Tamamushi Shrine

The Tamamushi Shrine is a shrine that was created during the Asuka period and is housed in Hōryū-ji Temple. It has been designated as a national treasure.

Tamamushi Shrine


The shrine is a roofed structure used to house objects of worship, such as Buddhist statues, indoors. The Tamamushi Shrine is designed to resemble the exterior of an actual Buddhist temple building.

This shrine is approximately 2.3 meters tall and made of cypress wood, although camphor wood is used exclusively for the parts carved with lotus petals. The entire surface is lacquered, and the doors and paneling are decorated with Buddhist paintings using red, yellow, and green pigments.

Believed to be from the 7th century, this shrine at Hōryū-ji Temple in Nara is made of wood and lacquered. It is shaped like a palace, with wooden corner posts at each corner, and consists of three parts: the base, the platform for placing Buddhist statues or objects (the sumiza), and the pedestal.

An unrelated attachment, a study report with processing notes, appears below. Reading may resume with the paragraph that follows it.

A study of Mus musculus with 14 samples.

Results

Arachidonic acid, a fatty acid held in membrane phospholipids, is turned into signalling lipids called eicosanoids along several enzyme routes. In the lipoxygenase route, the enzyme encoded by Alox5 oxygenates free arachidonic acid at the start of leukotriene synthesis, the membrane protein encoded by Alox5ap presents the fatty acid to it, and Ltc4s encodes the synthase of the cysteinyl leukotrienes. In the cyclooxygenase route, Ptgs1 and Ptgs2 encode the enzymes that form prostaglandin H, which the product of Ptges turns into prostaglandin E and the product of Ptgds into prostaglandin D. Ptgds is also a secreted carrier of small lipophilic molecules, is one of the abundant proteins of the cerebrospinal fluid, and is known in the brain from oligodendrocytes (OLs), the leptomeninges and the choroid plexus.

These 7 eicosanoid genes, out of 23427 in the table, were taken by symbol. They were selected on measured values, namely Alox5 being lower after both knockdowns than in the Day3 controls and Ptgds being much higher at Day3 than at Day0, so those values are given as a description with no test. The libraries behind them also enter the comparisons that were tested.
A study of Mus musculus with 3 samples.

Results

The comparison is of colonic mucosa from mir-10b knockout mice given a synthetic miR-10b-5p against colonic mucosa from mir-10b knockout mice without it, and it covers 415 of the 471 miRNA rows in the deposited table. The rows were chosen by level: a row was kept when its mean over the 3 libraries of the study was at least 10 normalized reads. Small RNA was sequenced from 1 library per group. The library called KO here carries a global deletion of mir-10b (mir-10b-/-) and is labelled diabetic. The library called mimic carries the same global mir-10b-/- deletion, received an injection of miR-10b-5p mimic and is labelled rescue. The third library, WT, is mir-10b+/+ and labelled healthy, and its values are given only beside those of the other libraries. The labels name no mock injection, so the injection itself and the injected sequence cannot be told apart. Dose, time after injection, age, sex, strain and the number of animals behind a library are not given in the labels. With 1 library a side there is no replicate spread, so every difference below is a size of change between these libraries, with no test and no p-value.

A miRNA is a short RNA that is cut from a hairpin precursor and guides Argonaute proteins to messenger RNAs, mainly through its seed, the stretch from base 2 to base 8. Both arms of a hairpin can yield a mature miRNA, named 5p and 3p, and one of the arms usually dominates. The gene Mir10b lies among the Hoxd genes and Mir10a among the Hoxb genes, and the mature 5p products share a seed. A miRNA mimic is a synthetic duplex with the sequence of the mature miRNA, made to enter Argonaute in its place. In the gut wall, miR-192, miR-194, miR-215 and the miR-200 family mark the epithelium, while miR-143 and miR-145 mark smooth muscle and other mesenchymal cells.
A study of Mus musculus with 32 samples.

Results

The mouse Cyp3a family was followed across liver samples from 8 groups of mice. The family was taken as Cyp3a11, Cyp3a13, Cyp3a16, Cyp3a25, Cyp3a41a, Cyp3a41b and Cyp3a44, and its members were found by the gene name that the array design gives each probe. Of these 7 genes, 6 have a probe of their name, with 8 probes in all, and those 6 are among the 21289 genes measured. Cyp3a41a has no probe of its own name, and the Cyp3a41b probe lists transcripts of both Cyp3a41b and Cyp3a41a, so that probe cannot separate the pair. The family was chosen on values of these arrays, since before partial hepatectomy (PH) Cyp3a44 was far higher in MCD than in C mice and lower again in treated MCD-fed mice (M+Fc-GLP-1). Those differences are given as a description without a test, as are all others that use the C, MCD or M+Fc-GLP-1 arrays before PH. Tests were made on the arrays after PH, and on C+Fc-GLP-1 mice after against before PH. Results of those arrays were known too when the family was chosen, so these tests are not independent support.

The long horizontal beams, pillars, and frames are adorned with openwork metal fittings made of gilded bronze. The name of the shrine comes from the iridescent wings of the jewel beetle, which were once laid under the metal fittings of the palace section.

Jewel beetle


The walls of the Tamamushi Shrine are made of black lacquered wood, and the patterns are drawn using a combination of Mitsuda-e (a type of oil painting) and lacquer.

On the front of the central altar is an offering scene, on the sides are scenes from the life of Buddha, and on the back is a painting of Mount Meru.





On the front door of the palace section are images of celestial beings, on the side doors are images of bodhisattvas, and on the back is a depiction of the world of immortals.



宮殿部向かって左面扉絵 二菩薩

The Tamamushi Shrine is an important national treasure representing Japanese craft techniques of the Asuka period and is also a valuable art piece for its rare Buddhist paintings.